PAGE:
I just recently watched Clash of the Titans and Jason and the Argonauts, two movies released eighteen years apart, but that I see as a natural pairing. They’re both based on Greek mythology, and both have stop-motion special effects created by Ray Harryhausen. In fact, I think Clash was the last film he worked on.
I think I had seen most of Clash as a kid, and I remember being a little bothered by how loosely it played with Greek mythology. Don’t get me wrong; even back then I was well aware that there was no one official version of the myths, and details were totally different depending on the source material. Still, both Medusa and the Kraken are referred to as Titans, when the former is a Gorgon and the latter a monster from Scandinavian folklore (although I don’t think I knew that at the time). Despite the non-Greek name, the Kraken does play the same role as a monster from the Greek myths, Cetus, who was sent by Poseidon to destroy Joppa. His appearance in the movie isn’t much like either the traditional Kraken or depictions of Cetus that I’ve seen.
Another character, Thetis’ son Calibos, has no counterpart in mythology at all. Named after the half-human Caliban from Shakespeare’s The Tempest, Calibos was originally supposed to marry Andromeda, but he committed several atrocities including killing all of Zeus‘s winged horses except for Pegasus. As punishment, Zeus turned him into a monster, sort of a satyr but with a long, thick tail.
With some help from the gods, Perseus manages to kill both Calibos and Medusa, and uses the Gorgon’s head to turn the Kraken to stone. For the most part Perseus is portrayed as a noble character, with the major exception being when he uses his invisibility helmet to sneak into Andromeda’s bedroom and watch her sleeping. Yes, this lets him see Calibos’ vulture capturing her, but still, nice job being a creep, hero!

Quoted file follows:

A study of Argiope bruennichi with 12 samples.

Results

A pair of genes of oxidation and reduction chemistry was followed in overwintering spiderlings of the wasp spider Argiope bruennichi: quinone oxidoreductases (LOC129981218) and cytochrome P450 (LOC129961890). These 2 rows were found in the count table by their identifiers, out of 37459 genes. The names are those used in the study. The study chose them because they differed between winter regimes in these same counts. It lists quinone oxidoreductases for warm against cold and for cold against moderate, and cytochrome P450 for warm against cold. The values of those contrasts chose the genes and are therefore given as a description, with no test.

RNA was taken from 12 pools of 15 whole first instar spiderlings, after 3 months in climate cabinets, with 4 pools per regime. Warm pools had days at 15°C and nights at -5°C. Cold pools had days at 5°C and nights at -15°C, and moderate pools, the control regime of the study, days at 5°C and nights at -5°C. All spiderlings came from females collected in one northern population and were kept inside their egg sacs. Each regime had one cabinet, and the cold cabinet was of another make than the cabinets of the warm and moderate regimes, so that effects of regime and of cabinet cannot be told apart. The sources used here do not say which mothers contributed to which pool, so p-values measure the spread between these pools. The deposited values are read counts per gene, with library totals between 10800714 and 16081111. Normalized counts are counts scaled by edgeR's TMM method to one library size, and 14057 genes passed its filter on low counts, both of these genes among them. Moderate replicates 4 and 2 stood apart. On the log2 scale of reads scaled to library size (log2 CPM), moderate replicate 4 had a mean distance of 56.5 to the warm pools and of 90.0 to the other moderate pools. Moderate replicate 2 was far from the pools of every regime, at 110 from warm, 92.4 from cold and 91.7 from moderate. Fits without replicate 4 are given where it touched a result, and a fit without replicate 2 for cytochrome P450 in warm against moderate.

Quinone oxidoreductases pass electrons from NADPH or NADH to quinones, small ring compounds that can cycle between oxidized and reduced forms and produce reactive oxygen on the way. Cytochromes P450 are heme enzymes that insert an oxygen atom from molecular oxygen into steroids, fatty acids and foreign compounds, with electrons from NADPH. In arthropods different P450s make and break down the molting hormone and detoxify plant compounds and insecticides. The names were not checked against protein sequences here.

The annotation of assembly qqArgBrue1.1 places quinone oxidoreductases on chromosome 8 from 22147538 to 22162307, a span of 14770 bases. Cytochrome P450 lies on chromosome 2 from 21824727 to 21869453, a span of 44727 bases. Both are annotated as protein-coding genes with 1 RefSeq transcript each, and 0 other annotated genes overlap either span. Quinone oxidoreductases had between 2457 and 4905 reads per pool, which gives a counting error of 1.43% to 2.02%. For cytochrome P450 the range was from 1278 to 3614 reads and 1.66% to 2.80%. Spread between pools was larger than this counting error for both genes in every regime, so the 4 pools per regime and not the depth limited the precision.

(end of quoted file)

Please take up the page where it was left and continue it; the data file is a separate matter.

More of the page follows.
In addition to the creatures I’ve already mentioned, Perseus also does battle with witches, scorpions, and a two-headed dog.
Another notable character is the mechanical owl Bubo, created by Hephaestus to aid Perseus in place of Athena‘s own pet.
Bubo sounds a lot like R2-D2, which was likely intentional, although Harryhausen claimed otherwise. Laurence Olivier appears as Zeus, Maggie Smith as Thetis, and Burgess Meredith as the blind poet Ammon.
Jason mostly follows the myth of the Argonauts, but again with some changes made to better show off the effects. Instead of having a dove fly through the Clashing Rocks, a giant Triton holds them apart so the ship can pass through.
The figurehead of the Argo sometimes speaks with the voice of Hera, moving its eyes in a way that reminds me of those old dolls with the weights in their heads.
Talos appears earlier in the story as an enormous bronze statue, although the bit about having to release the ichor out of his foot remains the same.
And the dragon guarding the Golden Fleece is replaced by the many-headed Hydra, which Jason fights directly by stabbing it through the heart instead of having Orpheus put it to sleep.
In fact, Orpheus isn’t even in the movie, nor are the Boreads. Hylas does appear, but he’s crushed by Talos instead of being captured by a nymph.
John William Waterhouse had a real knack for painting attractive mythical women.
When I first heard Hylas’ name, I confused him with Iolaus, Hercules‘ nephew who accompanied him on several of his adventures. One of the most notable scenes is that of the skeletal warriors, which took four months to create.
Having become accustomed to more modern effects, these stop-motion creatures come across as kind of campy nowadays, but no less impressive for that. I found it interesting that the Golden Fleece had healing powers as it does in Rick Riordan’s The Sea of Monsters, but apparently that idea has been around for a while despite not appearing in the earliest known versions of the myth. Also, Hera’s hairstyle from this film needs to make a comeback.
One thing I probably wouldn’t have thought of if I’d watched these movies when I was younger was that pretty much everybody was white, which is to be expected of a product of its time. Still, Colchis was in modern-day Georgia (the Asian one) and Joppa near Tel Aviv, although its rulers were said in the myth to be Ethiopian. I understand the actress who played Andromeda in the 2008 remake was of Jewish ancestry, at least. I don’t have any particular desire to watch that version, but I might end up doing so someday.